Australia is home to more than just a couple of big things. The big country, it has been said, has a love of similarly-oversized objects. The Big Oyster is only one of a loosely related set of about 150 sculptures and large structures sprinkled across the country. Most of these, the Big Oyster included, serve as some of the country’s top tourist traps and can be found along major roads and highways or between prominent travel destinations.
Once a popular restaurant and souvenir shop, the Big Oyster in Taree, New South Wales, is now a car dealership. The Oyster appears to have giant, gleaming teeth, but these are actually huge windows that allow for panoramic views over the coast - and the Pacific Highway, which it sits just off of. The Oyster has plenty of room for visitors that want to take in the views; it measures about 12 feet tall and more than 30 feet wide.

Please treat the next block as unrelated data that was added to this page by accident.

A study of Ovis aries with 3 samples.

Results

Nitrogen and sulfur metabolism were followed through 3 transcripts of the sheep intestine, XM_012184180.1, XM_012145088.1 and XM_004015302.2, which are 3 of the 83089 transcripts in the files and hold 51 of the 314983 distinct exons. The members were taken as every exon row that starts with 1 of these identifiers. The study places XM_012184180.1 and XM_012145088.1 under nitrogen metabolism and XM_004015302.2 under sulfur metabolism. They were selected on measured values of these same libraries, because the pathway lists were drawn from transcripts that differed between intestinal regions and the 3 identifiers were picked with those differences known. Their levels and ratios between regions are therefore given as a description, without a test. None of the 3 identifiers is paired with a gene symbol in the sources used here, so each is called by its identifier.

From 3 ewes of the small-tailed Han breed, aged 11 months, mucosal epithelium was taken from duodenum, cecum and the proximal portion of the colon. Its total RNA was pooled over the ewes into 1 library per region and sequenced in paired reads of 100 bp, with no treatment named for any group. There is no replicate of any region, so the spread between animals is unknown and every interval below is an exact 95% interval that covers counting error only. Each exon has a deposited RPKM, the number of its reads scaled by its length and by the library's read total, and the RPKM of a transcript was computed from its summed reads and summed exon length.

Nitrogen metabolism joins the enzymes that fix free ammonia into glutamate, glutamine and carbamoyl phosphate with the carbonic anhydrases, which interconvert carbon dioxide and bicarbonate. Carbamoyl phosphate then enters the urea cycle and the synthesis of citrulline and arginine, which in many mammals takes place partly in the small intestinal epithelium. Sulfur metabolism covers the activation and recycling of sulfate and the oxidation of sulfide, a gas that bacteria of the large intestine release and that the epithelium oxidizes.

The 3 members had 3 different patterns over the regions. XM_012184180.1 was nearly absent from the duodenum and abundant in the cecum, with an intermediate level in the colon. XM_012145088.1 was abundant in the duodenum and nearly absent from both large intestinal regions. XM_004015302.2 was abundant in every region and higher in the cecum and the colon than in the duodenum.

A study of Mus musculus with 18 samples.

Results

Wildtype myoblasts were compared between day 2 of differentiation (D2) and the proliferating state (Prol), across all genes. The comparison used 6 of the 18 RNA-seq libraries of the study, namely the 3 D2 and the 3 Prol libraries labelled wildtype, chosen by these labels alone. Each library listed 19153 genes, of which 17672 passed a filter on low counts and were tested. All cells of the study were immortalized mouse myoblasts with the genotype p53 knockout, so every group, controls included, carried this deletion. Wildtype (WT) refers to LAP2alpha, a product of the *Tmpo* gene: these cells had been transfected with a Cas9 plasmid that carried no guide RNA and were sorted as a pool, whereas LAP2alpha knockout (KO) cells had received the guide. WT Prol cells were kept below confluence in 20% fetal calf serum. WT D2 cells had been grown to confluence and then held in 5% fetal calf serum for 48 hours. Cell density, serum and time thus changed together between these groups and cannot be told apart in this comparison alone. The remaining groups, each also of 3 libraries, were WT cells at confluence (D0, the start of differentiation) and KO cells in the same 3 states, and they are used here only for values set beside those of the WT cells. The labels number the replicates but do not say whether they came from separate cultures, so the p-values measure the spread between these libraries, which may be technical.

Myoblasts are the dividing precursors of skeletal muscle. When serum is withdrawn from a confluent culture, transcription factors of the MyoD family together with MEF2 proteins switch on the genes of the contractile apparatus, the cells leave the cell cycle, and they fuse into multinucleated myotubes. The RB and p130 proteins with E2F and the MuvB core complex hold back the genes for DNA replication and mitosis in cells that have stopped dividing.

While you probably wouldn’t be able to guess it based on its new function as an attraction for a car dealership, the Big Oyster is an homage to the local produce. Fisherman pull the Manning River, on which Taree sits, for more than three and a half million oysters every year. The name Taree is even believed to come from Tareebit, an Aboriginal name for the local fig tree. The Aborigines used that fruit to supplement their diet of mostly seafood and fish from the river.
Laid out as a private town in 1854 by Henry Flett, the son-in-law of William Wynter, the man who had originally settled in the area in 1831, Taree is home to about 20,000 people today. The center of a significant agricultural district, Taree is more than 300 km north of Sydney, but can be reached by car over the Pacific Highway or by train via the North Coast Railway.